Primo came downstairs and slumped into the bed. "I don't know what to do. I haven't gotten anything done all day."
I glanced at the clock. "It's 9:30!" I said.
"I know," he sighed. "I have a meeting with that graphic designer tomorrow. I have work to do. But I can't concentrate. I'm gridlocked."
"Why?" I glanced back at the book in my lap. I'd spent a few hours trying to put his website together, including trying to figure out to upload a photo to the front page. I hadn't worked in that application before. I never did figure it out.
I'd done three loads of laundry, cleaned the bathroom, washed the kitchen floor, gone to the grocery store, changed the sheets, vacuumed, taken out the trash, cleaned the cat box, baked a cake, gone running. I had let the cat in and out of the house three times. I had gone to the good hamburger place to use the two for one coupon before it expired. I had gone to the library to return books so I wouldn't be fined. I had washed mustard greens and cooked them so Primo would have a green vegetable for supper.
I had finally sat down to relax. Now Primo wanted my attention.
I guess he deserved it. He still had a harder life than I did.
"My parents sent me an email."
This was never good. I took off my glasses. I would not be returned to the book any time soon.
"My dad wants to know if I've put enough 'due diligence' into running. He doesn't want me to make the same mistake they made with the restaurant."
His parents had invested a lot of money in a restaurant with Primo's brother. The big difference between Primo running for office and the restaurant, however, is that we are 1. not taking a second mortgage against our house of 2. $250,000 for 3. a business about which we know nothing and 4. have researched not at all.
I rolled my eyes. "What else?"
"And my mom says I should worry about taking care of myself instead of trying to fix the world."
I double rolled my eyes.
"This? From your mother? Your mother who is the biggest emotional drain in your life? She is telling you to take care of yourself and not to take care of anyone else? Does she see the irony in this?"
"Everyone else is happy for me. Everyone else is supportive. Even you are supportive and you don't agree with me."
I shook my head. "What are they trying to accomplish? Are they trying to talk you out of this?"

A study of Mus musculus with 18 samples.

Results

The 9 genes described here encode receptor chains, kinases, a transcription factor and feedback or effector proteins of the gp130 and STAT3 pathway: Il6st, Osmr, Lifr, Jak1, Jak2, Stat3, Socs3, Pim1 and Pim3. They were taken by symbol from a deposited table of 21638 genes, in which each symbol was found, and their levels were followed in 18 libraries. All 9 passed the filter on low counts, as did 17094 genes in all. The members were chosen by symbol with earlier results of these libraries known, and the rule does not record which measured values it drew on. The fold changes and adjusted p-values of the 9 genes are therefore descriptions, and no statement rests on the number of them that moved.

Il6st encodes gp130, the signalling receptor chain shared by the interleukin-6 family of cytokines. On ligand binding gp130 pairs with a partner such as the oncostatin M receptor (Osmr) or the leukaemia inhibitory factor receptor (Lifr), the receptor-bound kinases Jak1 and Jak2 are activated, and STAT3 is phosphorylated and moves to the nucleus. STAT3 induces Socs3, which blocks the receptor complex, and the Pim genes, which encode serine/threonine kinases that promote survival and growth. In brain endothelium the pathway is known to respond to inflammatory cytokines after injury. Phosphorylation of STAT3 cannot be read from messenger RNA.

"I don't know."
"Besides, what's the downside of your running? If you run and don't win, then what? It's not like you lose your job. I know you hate your job and want to do something different, but if you lose the election, we just make another plan. But there is no downside to running. There is no risk. I don't know why they would discourage you. You'd think they'd be all over this. It's not like they've ever been proud that you're an engineer, anyhow. Your dad thinks you should have gone to grad school. He doesn't think you really work. You'd think they'd be excited that you're going into politics so they can brag to all their activist friends that their son is in the House. I don't get it. Why do they always have to be such downers?"
"Maybe it's because they know if I'm campaigning all summer, I won't have time to visit them."
I laughed. "I'll bet that's it!"
He smiled. "And they called you an Ice Queen. And blamed you for keeping me away from them."
"Oh yeah. If it weren't for me, they would see you all the time. Wouldn't you?"
He nodded. "That's it. I just love visiting them and spending time with them."
He paused. "They think I'll be corrupted."
"They do? The people who raised you? They think that what, you'll get sucked up in the cesspool and lose your moral center?"
"Yeah. I'll start taking bribes. Except it's your side that does that."
"Oh right. Let's see. The most recent bribery scandal in our town was - Oh! On your side! For Johnny X! For $500!"
He laughed. "Yeah, for the big money, you have to go to the Stripes party. The Polka Dots aren't smart enough to go for the big money."
"Uh huh. That's it. That's the only time X ever took money. And he just happened to get caught. Your side is the side of angels. Nobody on your side ever does anything bad." I rolled my eyes again. I need to be careful. One day, they're going to get stuck.
He signed again. "What am I going to do about my parents?"
"I don't know. Were they drunk when they sent it?"
He thought. "It was 7:30 when they wrote it, so yes."
I seethed. "I hate addicts. I hate how they can't keep their poison to themselves. I hate how they have to spread it out and contaminate everyone around them. Why do they have to infect you? Why can't they be content to be bitter alone?"
"They don't want to be miserable alone," Primo said. "They want to suck me in."
"Tell them to leave you alone," I said. "Tell them to shut up."